The court sided with CDCR over a federal healthcare receiver who had initiated the vaccine directive

By Wes Venteicher
The Sacramento Bee

SACRAMENTO, Calif. — An appellate court struck down a coronavirus vaccine mandate for California state prison employees April 25, siding with the state Department of Corrections and Rehabilitation over a federal health care receiver who had initiated the vaccine directive.

The newly-canceled mandate was issued last fall by a U.S. District Court judge on the recommendation of J. Clark Kelso, the federal receiver who oversees health care in California’s state prisons under a long-standing court order.

Kelso said in his recommendation that the delta variant, which was circulating at the time, presented “enormous risks” to those incarcerated in the tight quarters of the prisons.

Gov. Gavin Newsom and the corrections department appealed the court order, saying the department’s efforts encouraging voluntary vaccination were sufficient. Included in their arguments was a concern that too many employees would quit over a mandate.

Meanwhile, the delta variant drove the second-largest outbreak in the prisons over the winter.

Now another wave could be coming. The corrections department reported its largest week-over-week increase in new cases, measured as a percentage, in the last week of April.

New cases increased by 820%, reaching 322 infections from the prior week’s low figure of 35. About 97,000 people are incarcerated in the state’s 34 prisons.

The biggest increases in the last two weeks have been at San Quentin State Prison, Pelican Bay State Prison, California Health Care Facility in Stockton, California Medical Facility in Vacaville and Ironwood State Prison in the southeast corner of the state, according to a corrections department infection tracker.

“Our state prisons remain superspreader sites,” said James King, a legislative campaign manager with the Ella Baker Center for Human Rights. “So if the uptick goes up slightly in the surrounding area, that means more guards will be going in who will then deal with dozens if not hundreds of people they infect.”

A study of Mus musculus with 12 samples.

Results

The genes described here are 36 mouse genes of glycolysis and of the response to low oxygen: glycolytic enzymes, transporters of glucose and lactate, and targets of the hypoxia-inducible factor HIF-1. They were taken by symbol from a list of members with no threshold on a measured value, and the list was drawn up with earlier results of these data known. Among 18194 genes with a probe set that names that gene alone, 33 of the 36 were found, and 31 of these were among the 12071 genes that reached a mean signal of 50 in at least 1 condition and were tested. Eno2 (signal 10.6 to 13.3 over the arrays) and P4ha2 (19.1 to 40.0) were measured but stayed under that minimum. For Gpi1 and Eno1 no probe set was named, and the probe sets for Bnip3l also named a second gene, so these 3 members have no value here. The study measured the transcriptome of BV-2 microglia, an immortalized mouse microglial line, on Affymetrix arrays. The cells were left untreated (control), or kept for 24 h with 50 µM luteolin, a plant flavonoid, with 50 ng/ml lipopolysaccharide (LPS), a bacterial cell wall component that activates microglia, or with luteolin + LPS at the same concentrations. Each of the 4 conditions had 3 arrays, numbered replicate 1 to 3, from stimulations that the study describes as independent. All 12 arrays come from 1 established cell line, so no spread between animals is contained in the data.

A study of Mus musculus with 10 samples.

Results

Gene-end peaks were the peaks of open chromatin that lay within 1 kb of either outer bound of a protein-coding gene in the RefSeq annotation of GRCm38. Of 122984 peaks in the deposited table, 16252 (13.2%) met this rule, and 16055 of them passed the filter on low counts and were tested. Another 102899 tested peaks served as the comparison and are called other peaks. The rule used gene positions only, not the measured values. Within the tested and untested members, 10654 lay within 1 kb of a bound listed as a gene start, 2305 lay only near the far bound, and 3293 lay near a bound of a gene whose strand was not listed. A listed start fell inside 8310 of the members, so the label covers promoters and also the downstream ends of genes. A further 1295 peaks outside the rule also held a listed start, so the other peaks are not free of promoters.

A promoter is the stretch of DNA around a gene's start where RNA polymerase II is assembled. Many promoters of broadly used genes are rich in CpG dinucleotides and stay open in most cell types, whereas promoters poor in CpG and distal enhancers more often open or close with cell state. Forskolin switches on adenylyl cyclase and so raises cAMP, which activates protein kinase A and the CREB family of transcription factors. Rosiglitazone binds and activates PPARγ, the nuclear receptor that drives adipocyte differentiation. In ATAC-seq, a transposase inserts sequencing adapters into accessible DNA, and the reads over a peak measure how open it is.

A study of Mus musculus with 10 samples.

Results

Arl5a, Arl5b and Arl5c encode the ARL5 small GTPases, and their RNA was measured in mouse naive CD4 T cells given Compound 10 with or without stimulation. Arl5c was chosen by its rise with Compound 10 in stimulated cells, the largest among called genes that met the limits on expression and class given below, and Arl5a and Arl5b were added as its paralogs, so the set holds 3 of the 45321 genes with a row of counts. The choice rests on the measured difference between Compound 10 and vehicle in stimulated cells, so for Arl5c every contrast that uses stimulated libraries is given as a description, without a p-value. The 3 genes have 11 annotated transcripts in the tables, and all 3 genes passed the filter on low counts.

Fifty prison employees and 254 prisoners have died from the virus, according to CDCR’s covid tracker.

King said he supports a vaccine mandate for state prison employees – correctional officers in particular – on the grounds that they are charged with protecting people in custody. A mandate would support that mission, he said.

As of Tuesday, 81% of the incarcerated population and 73% or prison employees were vaccinated, corrections department spokeswoman Dana Simas said in an email. Unvaccinated employees are tested once to twice a week.

The rate among the California population in general is 75%, according to the Department of Public Health.

“The department appreciates the court’s ruling and affirmation of the various measures we have taken in mitigating and responding to the COVID 19 pandemic, including access to vaccines for our staff and incarcerated population,” Simas said in the email.

Simas said that cases are starting to trend downward, and noted that there are currently no COVID-19 hospitalizations.

In its ruling, the appellate court said the corrections department had not exhibited “deliberate indifference” toward prisoners’ health by opting for a voluntary vaccination policy, identifying the high legal standard the appellate judges said was needed for a court to intervene.

The ruling was welcomed by the California Correctional Peace Officers Association, which opposed the mandate.

“Since 2020, the union and prison officials have taken aggressive steps to fight the pandemic in prisons,” CCPOA president Glen Stailey said in a statement emailed by spokesman Nate Ballard. “The court recognized this fact, and issued a reasonable ruling.”

The union, which contributed $1.75 million to Newsom’s recall defense, joined Newsom in the lawsuit, and also tried unsuccessfully to stop a narrower mandate for prison employees who work in health care settings.